Education analysis

You can find data analysis, summaries, reports and other informative documents on education at LSE below.


Core modules and student satisfaction

e.austin@lse.ac.uk

June 2021

Abstract

This analysis provides an overview of the relationship between ‘core’ modules and student satisfaction on undergraduate LSE programmes. It uses a linear regression model to see how the number of core modules in a student’s ‘home’ department (the department that hosts a programme) and the number of core modules in an ‘outside’ department (any other department) affect a range of student satisfaction measures across all years of undergraduate studies. 


 


Patterns in student satisfaction on undergraduate programmes at LSE in 2019

e.austin@lse.ac.uk

November 2020

Abstract

This paper explores patterns in student satisfaction based on the Year 1 and Year 2 undergraduate programme surveys at LSE in 2019. The first element of the research uses a mixed effect logistic regression model to explore student demographic characteristics that appear to influence different dimensions of ‘satisfaction’ within the survey. The second element uses a dependence analysis based on the polychoric correlation to identify the questions which have the strongest relationship to each other – where a change in satisfaction on one question could be expected to lead to a similar change on another question. The papers present an overview and more detailed report of the findings.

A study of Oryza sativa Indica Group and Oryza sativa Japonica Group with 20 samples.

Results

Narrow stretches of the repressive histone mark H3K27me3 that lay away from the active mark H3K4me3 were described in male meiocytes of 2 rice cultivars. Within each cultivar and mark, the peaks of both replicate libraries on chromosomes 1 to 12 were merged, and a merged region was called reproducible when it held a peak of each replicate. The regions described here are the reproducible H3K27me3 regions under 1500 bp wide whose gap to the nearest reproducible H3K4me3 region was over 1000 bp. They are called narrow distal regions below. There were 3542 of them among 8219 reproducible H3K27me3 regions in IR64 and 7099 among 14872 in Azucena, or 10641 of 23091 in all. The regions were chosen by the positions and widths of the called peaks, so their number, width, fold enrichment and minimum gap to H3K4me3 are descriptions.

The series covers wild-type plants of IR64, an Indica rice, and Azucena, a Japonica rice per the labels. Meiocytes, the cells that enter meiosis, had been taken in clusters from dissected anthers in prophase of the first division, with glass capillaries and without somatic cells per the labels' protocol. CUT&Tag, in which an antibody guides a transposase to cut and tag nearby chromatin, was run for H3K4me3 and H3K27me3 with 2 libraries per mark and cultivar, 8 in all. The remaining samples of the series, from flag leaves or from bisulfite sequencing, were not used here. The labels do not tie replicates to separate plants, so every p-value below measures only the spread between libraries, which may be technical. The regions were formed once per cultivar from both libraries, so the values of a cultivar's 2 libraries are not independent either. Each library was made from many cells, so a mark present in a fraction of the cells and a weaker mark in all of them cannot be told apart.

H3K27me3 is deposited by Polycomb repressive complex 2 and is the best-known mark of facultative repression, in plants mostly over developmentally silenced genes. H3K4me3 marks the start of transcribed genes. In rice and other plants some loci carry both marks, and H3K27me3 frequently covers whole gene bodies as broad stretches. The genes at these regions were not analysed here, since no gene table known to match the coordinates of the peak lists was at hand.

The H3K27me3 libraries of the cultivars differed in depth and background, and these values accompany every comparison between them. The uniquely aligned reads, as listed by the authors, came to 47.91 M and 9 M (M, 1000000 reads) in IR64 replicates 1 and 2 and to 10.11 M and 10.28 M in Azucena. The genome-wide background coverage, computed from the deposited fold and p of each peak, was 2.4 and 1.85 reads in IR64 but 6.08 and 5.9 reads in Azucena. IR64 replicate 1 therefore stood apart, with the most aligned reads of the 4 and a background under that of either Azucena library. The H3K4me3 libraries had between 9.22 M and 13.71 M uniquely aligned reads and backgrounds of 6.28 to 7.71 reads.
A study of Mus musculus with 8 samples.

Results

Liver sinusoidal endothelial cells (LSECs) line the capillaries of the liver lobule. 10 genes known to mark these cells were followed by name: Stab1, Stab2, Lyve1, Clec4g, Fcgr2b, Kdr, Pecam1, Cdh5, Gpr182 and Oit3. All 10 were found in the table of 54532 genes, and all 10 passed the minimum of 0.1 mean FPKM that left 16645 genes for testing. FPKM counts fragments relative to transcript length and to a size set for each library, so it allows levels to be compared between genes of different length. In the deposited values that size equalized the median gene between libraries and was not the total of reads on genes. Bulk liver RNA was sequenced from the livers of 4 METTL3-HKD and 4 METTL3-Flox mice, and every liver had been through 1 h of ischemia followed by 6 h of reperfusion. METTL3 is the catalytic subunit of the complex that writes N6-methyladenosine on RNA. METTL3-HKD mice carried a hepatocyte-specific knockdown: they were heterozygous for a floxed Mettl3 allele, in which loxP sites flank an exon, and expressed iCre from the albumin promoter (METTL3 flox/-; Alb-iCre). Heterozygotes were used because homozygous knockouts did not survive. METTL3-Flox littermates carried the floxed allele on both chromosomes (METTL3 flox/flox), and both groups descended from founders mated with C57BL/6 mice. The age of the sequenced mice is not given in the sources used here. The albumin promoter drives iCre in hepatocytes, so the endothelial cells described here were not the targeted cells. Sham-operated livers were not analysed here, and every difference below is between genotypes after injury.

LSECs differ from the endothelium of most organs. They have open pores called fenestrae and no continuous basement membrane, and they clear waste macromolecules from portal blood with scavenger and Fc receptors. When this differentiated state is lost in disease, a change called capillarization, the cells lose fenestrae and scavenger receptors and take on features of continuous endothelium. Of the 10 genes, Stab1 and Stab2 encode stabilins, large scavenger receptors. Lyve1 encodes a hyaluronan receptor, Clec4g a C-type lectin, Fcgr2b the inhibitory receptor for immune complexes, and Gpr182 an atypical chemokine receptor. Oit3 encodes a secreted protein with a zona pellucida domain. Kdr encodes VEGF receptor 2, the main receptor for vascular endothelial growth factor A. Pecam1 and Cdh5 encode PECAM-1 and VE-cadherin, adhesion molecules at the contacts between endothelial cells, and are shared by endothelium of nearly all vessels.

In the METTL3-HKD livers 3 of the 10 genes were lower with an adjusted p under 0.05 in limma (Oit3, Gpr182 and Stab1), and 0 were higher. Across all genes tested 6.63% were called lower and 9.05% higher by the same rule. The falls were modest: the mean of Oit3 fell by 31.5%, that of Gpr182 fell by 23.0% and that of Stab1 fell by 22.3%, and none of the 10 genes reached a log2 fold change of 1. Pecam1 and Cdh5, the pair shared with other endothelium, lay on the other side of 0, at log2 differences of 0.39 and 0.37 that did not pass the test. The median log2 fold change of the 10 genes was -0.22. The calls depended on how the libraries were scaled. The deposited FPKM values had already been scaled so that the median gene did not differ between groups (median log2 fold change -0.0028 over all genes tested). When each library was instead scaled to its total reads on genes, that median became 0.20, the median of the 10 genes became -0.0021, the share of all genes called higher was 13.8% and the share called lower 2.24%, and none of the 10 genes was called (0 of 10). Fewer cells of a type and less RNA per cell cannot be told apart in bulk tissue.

Analysis of module-level grade awarding gap at LSE for Home UK undergraduates

2014/15-2018/19 paper

2019/20 paper

e.austin@lse.ac.uk

August 2020/

June 2021

Abstract

These papers track analysis of the grade awarding gap at module level at LSE. The first paper analyses outcomes for Home UK undergraduates between 2014/15 - 2018/19, and the update covers new analysis for 2019/20. Previous work at LSE, and in the sector as a whole, has focused on final degree outcomes. However, teaching on an LSE programme often occurs outside the student’s home department, meaning that it may not be possible for the awarding department to fully address systemic differences in outcomes. The linear mixed model allows us to control for different student characteristics and thereby achieve a more nuanced understanding of what underlies the grade awarding gaps we see in student outcomes. For full department-level findings please see the Tableau dashboards available here.


 

Data analysis


A Longitudinal Analysis of Degree Classifications at LSE

e.austin@lse.ac.uk

March 2020

Abstract

This report replicates and extends an Office for Students study that considers unexplained increases in the proportion of first- and upper second-class degrees awarded by UK universities over a ten year period. It finds that, controlling for student characteristics, grade inflation becomes noticeable at LSE starting in the academic year 2014/15, but that inflation at LSE remains lower than that within the sector as a whole. The study also extends the analysis to look at grade inflation at the departmental level, and finds that unexplained increases in awards are heterogeneous across departments within LSE.